MEMPHIS, Tenn. (WMC) - Vaccination numbers in Mississippi are improving, but the number of African Americans getting vaccinated is not.
As of Thursday a total of 85,829 Mississippians have been vaccinated, 77,223 have received the first dose and 8,606 have received the second dose.
When breaking down that number by race, only 15% of vaccinations have been Black people while 63% are white.
Dr. Thomas Dobbs with the Mississippi State Department of Health says 15% is very low.
“This is actually worse than it was a couple of weeks ago, so this is a huge challenge,” said Dobbs. “We are going to try to make sure we open more locations in areas where there is need.”
Dobbs said they will open drive-thru vaccination sites in Hinds, Warren, Scott and Alcorn Counties along with others.
“But that’s not enough because we have a lot of outlying areas where people don’t have access to the drive thru and they can’t drive, and that’s one of the things we’re struggling with now is that we equitably distribute the vaccine under this new paradigm,” Dobbs said.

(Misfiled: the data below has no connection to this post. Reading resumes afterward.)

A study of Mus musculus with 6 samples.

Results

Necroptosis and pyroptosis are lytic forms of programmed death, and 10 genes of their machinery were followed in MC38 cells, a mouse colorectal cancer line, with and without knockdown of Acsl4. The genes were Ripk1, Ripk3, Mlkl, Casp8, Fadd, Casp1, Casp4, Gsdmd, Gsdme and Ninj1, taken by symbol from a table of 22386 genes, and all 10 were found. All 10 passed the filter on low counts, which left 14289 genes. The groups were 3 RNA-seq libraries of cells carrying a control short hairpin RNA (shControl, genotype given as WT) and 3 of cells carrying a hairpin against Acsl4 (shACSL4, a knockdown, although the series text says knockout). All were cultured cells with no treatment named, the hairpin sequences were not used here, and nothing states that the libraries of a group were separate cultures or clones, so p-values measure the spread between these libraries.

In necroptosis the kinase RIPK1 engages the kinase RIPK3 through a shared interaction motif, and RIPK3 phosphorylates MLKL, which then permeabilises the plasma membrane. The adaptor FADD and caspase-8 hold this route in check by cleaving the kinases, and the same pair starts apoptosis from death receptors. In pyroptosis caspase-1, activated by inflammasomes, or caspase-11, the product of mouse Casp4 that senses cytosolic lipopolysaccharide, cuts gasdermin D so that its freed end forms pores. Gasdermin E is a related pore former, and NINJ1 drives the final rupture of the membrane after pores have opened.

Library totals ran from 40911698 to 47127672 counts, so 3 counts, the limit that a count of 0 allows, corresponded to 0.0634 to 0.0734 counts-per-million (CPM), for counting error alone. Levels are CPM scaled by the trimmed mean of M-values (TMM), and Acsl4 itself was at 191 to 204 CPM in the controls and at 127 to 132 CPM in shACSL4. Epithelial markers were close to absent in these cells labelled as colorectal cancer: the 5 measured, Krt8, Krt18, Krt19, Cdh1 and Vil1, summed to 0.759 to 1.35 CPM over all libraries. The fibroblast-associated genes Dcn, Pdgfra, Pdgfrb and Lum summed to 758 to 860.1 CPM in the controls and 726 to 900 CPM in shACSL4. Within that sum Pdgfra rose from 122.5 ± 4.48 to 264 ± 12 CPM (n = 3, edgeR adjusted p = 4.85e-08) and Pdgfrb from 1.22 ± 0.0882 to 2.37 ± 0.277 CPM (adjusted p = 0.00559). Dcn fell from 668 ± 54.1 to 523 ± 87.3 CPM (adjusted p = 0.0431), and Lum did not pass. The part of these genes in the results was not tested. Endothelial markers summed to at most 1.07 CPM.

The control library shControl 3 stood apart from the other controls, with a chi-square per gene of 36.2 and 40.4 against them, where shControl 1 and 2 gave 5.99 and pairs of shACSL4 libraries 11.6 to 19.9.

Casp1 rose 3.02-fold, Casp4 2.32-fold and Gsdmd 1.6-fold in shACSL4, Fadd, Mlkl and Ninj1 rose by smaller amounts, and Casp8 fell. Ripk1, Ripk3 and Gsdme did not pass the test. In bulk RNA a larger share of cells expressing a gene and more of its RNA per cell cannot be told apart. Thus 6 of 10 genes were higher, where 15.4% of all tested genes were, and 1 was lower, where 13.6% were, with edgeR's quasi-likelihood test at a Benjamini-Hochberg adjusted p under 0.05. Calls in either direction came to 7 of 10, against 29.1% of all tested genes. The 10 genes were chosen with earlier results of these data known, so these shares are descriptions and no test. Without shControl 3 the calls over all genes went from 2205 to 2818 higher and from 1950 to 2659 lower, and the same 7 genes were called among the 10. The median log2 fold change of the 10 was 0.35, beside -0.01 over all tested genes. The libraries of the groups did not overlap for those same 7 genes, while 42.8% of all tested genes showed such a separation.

Surgeon General Jerome Adams says vaccine disparities are due to a long history of distrust, and in order to more forward those reasons need to be acknowledged.
“We have tools to end this pandemic, but a vaccine doesn’t matter, the vaccination is what matters,” said Adams. “So step one is acknowledgement, but step two is addressing those concerns in a meaningful way.”
He also says faith leaders can play a critical role.
“I’d rather have your pastor tell you to go out and get your blood pressure checked than your doctor. Why? Because a lot of people particularly in communities of color and in the South are going to be more likely to do something because their pastor tells them to do something than because their doctor tells them to do it,” Adams said.